In a city where most parents are young professionals working long hours, schools have become a home-away- from-home for Gurgaon’s children. Which is why, despite schools such as Dayanand Anglo-Vedic (DAV) Public School having electronic boards in their classrooms, it is not these technological
advancements that attract students. It is to attend a favourite teacher’s class.
Rishabh Agarwal, a seventh grade student at The Shri Ram School, would have quit school, had it not been for his English teacher. “I like her because she treats us well. Her way of interaction with the students and style of teaching are both very good.”
Students want teachers from whom they can learn and also consider friends. And today’s schools seem to be waking up to this fact.
DAVP, for example, implemented a mentor-mentee system to cement ties between teachers and students.
Anita Makkar, DAV Public school’s founder-principal, recognises the importance of open communication. “Our system ensures that all children are taken care of and have a familiar face to turn to,” she says.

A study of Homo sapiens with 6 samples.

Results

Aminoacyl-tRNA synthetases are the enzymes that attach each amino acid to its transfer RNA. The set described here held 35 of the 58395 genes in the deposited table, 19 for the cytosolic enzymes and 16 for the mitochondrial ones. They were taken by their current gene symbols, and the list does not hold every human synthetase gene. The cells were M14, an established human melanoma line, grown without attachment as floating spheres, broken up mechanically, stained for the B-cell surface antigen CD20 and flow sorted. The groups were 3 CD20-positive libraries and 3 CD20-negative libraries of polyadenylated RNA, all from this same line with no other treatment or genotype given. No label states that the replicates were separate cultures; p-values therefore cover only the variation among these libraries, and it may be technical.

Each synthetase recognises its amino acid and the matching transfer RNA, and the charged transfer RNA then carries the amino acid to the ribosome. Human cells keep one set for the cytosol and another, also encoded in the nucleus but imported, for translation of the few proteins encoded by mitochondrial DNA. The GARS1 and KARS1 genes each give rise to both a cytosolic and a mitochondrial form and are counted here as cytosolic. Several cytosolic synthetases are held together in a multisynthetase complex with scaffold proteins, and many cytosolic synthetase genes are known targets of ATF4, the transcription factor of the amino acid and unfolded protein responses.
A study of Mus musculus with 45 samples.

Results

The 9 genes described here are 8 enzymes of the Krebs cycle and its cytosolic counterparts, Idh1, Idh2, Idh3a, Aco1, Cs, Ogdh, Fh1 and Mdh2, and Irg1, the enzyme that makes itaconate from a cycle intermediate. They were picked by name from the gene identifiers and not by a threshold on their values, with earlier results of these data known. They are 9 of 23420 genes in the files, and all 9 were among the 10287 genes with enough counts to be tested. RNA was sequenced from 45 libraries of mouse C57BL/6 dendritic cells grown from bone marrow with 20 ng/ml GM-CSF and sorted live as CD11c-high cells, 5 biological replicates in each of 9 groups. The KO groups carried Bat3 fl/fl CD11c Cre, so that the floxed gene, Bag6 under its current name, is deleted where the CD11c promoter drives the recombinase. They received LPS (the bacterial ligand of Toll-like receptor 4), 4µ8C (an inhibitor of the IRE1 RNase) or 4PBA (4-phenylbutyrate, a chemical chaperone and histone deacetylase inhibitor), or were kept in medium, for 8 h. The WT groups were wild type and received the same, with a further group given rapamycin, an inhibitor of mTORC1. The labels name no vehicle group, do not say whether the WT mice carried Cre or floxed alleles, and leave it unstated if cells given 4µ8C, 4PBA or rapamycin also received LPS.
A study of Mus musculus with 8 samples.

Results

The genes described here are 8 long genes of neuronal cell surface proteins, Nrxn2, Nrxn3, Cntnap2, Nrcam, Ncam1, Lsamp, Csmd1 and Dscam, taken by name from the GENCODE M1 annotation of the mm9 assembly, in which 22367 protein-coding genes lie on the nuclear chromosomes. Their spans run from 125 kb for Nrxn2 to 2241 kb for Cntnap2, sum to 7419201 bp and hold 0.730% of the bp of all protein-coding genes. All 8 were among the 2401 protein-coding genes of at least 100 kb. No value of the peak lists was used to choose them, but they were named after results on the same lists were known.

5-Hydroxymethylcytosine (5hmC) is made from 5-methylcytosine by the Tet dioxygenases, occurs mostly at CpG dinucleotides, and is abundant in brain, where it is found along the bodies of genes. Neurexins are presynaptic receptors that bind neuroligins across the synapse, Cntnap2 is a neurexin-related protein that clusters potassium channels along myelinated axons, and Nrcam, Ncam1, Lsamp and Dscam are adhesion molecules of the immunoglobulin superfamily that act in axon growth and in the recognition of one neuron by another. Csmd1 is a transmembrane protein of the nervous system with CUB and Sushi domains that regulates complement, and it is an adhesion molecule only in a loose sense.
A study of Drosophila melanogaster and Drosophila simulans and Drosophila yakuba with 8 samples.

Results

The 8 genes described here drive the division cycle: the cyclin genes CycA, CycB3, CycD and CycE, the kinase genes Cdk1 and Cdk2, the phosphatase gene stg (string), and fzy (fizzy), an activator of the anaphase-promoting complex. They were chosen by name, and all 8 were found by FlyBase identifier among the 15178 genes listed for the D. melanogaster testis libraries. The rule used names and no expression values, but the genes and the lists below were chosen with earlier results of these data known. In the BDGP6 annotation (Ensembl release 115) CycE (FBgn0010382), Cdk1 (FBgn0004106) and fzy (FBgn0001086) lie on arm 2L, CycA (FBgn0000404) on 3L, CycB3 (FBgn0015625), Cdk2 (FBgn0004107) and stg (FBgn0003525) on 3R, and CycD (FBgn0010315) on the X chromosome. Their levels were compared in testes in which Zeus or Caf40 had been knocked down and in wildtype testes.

Shikshantar School minimises the gap by abolishing the word 'teacher'; everyone is called didi and bhaiya. Perhaps that is why, it has scored the highest in the ‘individual attention to students’ parameter in the Hindustan Times C-fore school survey.
But for some, teachers who teach well are what matter. Apna School has been catering to children from the economically weaker sections for the last 13 years. Shivani, 7, returned to it from one of the regular schools and doesn't wish to go back. “The big schools won't teach me. In the afternoon classes, the teachers didn't concentrate. At least here I learn”, she says.
Classroom lessons may be forgotten, but the bond forged between students and teachers does last.